Growing Up with Christopher Robin – Daily Quote


Someone gave me an overstuffed purple rabbit with a carrot tattoo on his left foot. The bunny was mute, or maybe he was a stoner. I was six, what did I know? My Hundred Acre Wood comprised a single scrawny apple tree. Each summer, it produced terrible green apples so sour my entire body shook for a week after only one bite. Sour Patch, Lemon Drops, and Warheads didn’t compare with those little green bombs. When the hard, inedible fruit matured, they fell to the ground and dissolved into rotting brown heaps. The wasps loved them and aggressively protected their treasure. They transformed the backyard into a war zone, and they launched air raids against anyone who dared to enter their occupied territory.

Christopher Robin represented a fantasy. His story presented a believable lie spoon-fed to gullible children. I often wondered about Christopher Robin’s life outside of the Hundred Acre Wood. Was he a lost boy trying to cope in a chaotic adult-centric world? I considered he had more in common with Hansel and Peter Pan than Pooh revealed. Yes, if Pooh came to visit, we would have long discussions which would require a tasty morsel, and a nap, to keep up our strength.

Did you find a childhood story difficult to swallow?


Jo Hawk The Writer

24 thoughts on “Growing Up with Christopher Robin – Daily Quote

  1. I didn’t discover Winnie the Pooh as a child. Until the age of ten, I lived in East London, not far from Hackney Downs and Clissold Park – not quite The Hundred Acre Wood or Ashdown Forest. Then we moved to the suburbs, close to the urban reaches of Epping Forest, so for me, and later for my kids, it was dog-walking territory.
    The Pooh stories were among those I read to my children at bedtime, but those bedtime stories merge fuzzily now in my head. By then, the pictures in theirs were probably Disney.
    Last night I had two grandsons here overnight and read them Tigger’s tree story in bed. I’d forgotten how much the humour is over the head of the average five- and seven-year-old: possibly a reason for the stories’ longevity. (I used to enjoy the early TV series’ of Basil Brush for the same reason. You could hear the cameramen guffawing in the background.)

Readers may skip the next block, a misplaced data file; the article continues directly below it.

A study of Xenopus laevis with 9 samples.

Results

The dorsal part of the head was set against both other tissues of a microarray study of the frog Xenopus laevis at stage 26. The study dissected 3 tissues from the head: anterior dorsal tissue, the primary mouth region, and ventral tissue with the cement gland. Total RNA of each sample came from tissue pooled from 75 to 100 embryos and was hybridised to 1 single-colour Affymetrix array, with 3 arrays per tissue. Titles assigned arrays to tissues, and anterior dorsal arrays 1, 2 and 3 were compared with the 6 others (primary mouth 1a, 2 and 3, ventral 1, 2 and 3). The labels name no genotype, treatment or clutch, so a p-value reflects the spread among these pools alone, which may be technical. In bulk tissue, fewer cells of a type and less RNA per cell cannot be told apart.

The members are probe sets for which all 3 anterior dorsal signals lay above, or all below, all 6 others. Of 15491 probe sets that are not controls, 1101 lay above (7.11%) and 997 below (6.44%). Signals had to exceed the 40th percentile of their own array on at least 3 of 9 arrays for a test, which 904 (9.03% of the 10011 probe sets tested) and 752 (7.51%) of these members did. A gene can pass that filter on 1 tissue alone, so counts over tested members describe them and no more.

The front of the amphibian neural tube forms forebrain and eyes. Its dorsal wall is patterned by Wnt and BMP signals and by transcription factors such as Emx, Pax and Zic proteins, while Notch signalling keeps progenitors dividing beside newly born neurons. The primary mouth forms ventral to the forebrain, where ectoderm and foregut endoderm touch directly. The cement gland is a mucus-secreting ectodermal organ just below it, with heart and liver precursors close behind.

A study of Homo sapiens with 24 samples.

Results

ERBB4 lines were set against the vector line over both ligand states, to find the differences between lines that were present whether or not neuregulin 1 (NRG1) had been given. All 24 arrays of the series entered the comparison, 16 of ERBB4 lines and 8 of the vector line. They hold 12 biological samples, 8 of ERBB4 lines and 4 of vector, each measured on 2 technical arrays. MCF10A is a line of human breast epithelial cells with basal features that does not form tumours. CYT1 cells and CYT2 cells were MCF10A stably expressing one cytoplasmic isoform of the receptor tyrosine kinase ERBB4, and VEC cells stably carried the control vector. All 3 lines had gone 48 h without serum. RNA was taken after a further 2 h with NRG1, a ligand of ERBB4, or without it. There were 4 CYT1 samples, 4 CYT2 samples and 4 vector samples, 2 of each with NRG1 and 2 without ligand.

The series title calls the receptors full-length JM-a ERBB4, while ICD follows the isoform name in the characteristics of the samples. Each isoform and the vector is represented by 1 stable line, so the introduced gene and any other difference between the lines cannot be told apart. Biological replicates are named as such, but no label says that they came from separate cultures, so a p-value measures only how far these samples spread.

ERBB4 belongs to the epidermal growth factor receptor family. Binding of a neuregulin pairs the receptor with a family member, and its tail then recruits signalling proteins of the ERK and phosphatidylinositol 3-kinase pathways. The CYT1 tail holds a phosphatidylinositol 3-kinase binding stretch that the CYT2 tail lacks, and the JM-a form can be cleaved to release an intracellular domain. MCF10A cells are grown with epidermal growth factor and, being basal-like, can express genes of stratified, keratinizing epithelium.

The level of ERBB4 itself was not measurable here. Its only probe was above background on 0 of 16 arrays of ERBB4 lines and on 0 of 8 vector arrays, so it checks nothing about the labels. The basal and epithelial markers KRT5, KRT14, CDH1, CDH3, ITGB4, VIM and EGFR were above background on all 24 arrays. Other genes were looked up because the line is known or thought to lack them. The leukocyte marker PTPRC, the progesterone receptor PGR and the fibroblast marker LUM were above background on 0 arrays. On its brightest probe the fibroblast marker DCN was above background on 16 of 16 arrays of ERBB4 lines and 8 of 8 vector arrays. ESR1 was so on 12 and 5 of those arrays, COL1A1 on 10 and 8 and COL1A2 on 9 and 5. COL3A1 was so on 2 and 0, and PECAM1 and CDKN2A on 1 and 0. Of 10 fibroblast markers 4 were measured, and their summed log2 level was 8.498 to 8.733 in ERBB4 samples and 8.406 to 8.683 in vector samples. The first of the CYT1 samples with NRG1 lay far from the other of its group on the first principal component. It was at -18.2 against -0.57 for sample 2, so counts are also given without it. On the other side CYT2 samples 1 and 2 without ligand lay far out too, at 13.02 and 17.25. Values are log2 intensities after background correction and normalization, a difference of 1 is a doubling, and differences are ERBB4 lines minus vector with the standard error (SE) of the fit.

Tiggers Can’t Climb Trees was quite long. In spite of my effort at voices, which the older one appreciated, I thought it probably boring for the younger one. By the time I’d finished, he was asleep – which is, after all, the point, isn’t it?


      I love the idea of you reading the same story to your children and now your grandchildren. Thank you for sharing. It is truly special.

      Liked by 1 person

  2. Ugh. We had a crab-apple tree in the section of the yard I had to mow. In the fall it was terrifying. Bees everywhere, with me darting in and out with the mower. The fanciful books I loved as a kid were the Borrower books. I day dreamed endlessly about tiny people living in my walls.


    As for Christopher Robin, well, I was named Christopher because my mother really liked the stories. When I was a child, I wrestled with how close I might be (in several ways) to the boy with the pageboy haircut, wearing buckle-shoes. When I grew up and especially when I became an English teacher, I decided that being named for a literary character was all right.

    I did read what turns out to be the first volume of his autobiography. He did struggle with the fame and felt put upon with all the strangers coming to his home. But there was a hundred-acre wood that I believe he enjoyed very much. His mother used to walk it by herself, telling Christopher to greet her when she got back as if she had been gone for a long, long while.

    Liked by 1 person

    • I do recall hearing that Christopher Robin had issues with being the little boy in the book. It must have been very interesting growing up knowing you had been named after him. Thank you for sharing your story.


    Liked by 1 person

  5. i think i was quite the opposite, I believed everything I read and it made my world brighter and bigger, being a sick child for a lot of my growing up years, books and imaginary friends were my companions. I guess i never bothered about the realities of the stories as real life was quite tough.